China's newest problem?
“Through this blessed jihad in Yunnan, the Turkestan Islamic Party warns China one more time … Our aim is to target the most critical points related to the Olympics. We will try to attack Chinese central cities severely using the tactics that have never been employed.” Thus spoke Commander Seyfullah, the purported leader of the Turkistan Islamic Party, after claiming responsibility in a video last week for three bus bombings in Yunnan earlier this month, along with previous attacks in Shanghai, Wenzhou and Guangzhou.
While there is little information about Seyfullah, the Turkistan Islamic Party is an offshoot of the East Turkistan Islamic Movement (ETIM), which intelligence sources say was based in Afghanistan before the US invasion in 2001 and whose leader was killed in 2003. Analysts claim that members of the Turkistan Islamic Party (the group as a whole reportedly has no more than 100 members) may have received training at al-Qaeda bases in Pakistan’s North Western Frontier Province and/or Tribal Areas abutting Afghanistan. Based on the little information available about him to date, Seyfullah appears to be mimicking the tactics of terror group leaders such as the late Abu Musab al-Zarqawi in Iraq, with a reliance on recordings to instill fear and attract retaliation — the more indiscriminate the better.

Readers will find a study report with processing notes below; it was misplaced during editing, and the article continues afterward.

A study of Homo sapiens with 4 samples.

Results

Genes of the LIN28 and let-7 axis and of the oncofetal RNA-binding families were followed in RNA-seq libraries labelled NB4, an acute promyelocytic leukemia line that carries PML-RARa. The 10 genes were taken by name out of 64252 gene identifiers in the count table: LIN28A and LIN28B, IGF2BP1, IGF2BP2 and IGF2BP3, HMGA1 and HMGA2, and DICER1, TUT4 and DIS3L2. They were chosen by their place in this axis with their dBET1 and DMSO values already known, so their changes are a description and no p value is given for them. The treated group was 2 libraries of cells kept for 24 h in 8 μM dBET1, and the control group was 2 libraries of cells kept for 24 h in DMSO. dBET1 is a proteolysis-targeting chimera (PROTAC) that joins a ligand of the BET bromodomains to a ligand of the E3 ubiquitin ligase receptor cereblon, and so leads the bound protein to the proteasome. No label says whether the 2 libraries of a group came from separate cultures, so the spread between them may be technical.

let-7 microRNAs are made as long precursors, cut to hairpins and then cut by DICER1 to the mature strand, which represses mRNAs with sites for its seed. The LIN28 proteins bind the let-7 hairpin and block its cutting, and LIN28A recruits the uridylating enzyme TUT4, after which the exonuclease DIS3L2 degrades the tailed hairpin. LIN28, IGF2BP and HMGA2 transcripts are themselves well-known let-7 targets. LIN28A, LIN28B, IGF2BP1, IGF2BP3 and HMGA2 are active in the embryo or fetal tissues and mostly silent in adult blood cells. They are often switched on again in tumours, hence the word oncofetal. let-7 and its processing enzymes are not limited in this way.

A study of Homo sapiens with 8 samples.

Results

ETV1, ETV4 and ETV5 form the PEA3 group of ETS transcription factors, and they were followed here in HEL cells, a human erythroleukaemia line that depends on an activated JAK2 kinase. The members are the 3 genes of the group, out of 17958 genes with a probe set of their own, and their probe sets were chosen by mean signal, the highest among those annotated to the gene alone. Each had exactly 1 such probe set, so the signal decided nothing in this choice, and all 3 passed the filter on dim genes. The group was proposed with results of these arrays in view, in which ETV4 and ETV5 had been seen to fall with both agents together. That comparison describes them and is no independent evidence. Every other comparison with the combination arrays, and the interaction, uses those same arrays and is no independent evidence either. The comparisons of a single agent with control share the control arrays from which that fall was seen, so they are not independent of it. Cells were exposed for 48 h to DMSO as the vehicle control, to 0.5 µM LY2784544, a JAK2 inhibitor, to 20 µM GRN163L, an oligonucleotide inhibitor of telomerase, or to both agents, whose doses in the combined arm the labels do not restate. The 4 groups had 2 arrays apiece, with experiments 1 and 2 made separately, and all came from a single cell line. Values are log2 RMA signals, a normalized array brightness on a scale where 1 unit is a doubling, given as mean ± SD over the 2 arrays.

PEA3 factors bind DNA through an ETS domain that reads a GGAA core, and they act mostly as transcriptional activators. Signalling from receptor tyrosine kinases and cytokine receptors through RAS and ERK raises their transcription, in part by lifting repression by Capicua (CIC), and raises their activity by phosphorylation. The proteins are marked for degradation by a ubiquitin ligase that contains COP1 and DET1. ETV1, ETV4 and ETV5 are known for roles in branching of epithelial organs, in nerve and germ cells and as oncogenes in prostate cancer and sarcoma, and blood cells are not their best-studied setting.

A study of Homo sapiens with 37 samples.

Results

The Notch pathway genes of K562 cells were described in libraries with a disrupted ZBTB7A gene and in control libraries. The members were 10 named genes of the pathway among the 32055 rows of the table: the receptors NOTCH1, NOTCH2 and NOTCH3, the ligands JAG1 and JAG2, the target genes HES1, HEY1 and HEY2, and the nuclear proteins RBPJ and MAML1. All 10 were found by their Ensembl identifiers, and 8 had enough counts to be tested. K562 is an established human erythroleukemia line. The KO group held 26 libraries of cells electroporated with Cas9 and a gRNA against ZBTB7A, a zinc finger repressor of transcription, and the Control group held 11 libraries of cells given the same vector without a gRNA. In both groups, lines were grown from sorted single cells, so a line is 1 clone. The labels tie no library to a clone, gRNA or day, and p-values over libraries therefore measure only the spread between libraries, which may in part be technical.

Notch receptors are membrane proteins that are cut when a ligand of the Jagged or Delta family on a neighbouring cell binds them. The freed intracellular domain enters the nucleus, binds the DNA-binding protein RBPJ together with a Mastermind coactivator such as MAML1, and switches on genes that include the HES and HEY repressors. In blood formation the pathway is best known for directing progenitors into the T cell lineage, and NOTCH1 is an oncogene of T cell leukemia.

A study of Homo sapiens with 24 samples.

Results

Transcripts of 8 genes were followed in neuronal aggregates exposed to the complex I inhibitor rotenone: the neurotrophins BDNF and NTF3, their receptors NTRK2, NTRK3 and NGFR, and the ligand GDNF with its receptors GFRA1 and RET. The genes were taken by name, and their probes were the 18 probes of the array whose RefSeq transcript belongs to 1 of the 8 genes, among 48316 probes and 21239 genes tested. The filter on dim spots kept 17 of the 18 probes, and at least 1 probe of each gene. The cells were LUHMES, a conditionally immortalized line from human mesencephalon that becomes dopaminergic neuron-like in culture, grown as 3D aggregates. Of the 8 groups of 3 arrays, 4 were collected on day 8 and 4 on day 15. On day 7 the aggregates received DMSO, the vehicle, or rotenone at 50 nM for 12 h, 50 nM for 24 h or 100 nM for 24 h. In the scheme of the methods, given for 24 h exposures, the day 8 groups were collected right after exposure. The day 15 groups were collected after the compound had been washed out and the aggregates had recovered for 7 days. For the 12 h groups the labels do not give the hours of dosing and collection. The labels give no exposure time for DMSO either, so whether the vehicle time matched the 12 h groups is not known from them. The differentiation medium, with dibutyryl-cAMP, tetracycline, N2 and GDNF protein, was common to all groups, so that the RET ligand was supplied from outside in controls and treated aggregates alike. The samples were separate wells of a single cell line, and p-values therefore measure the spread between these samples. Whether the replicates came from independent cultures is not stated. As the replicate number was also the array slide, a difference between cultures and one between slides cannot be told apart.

Since the release of the Seyfullah video, Chinese authorities have gone to great lengths to discredit the claims of responsibility, ascribing the blasts to a lone disgruntled gambler and an oil fire. While the credibility of both Seyfullah and Chinese media remains equally in doubt, what really matters is that a “terrorist” organization is seeking to lure Chinese authorities at a time when it is most sensitive, with the Olympic Games just around the corner.
In "Much suffering in store for Uighurs," published today in the Taipei Times, I explore the ramifications this new development will have for ethnic Uighur Chinese.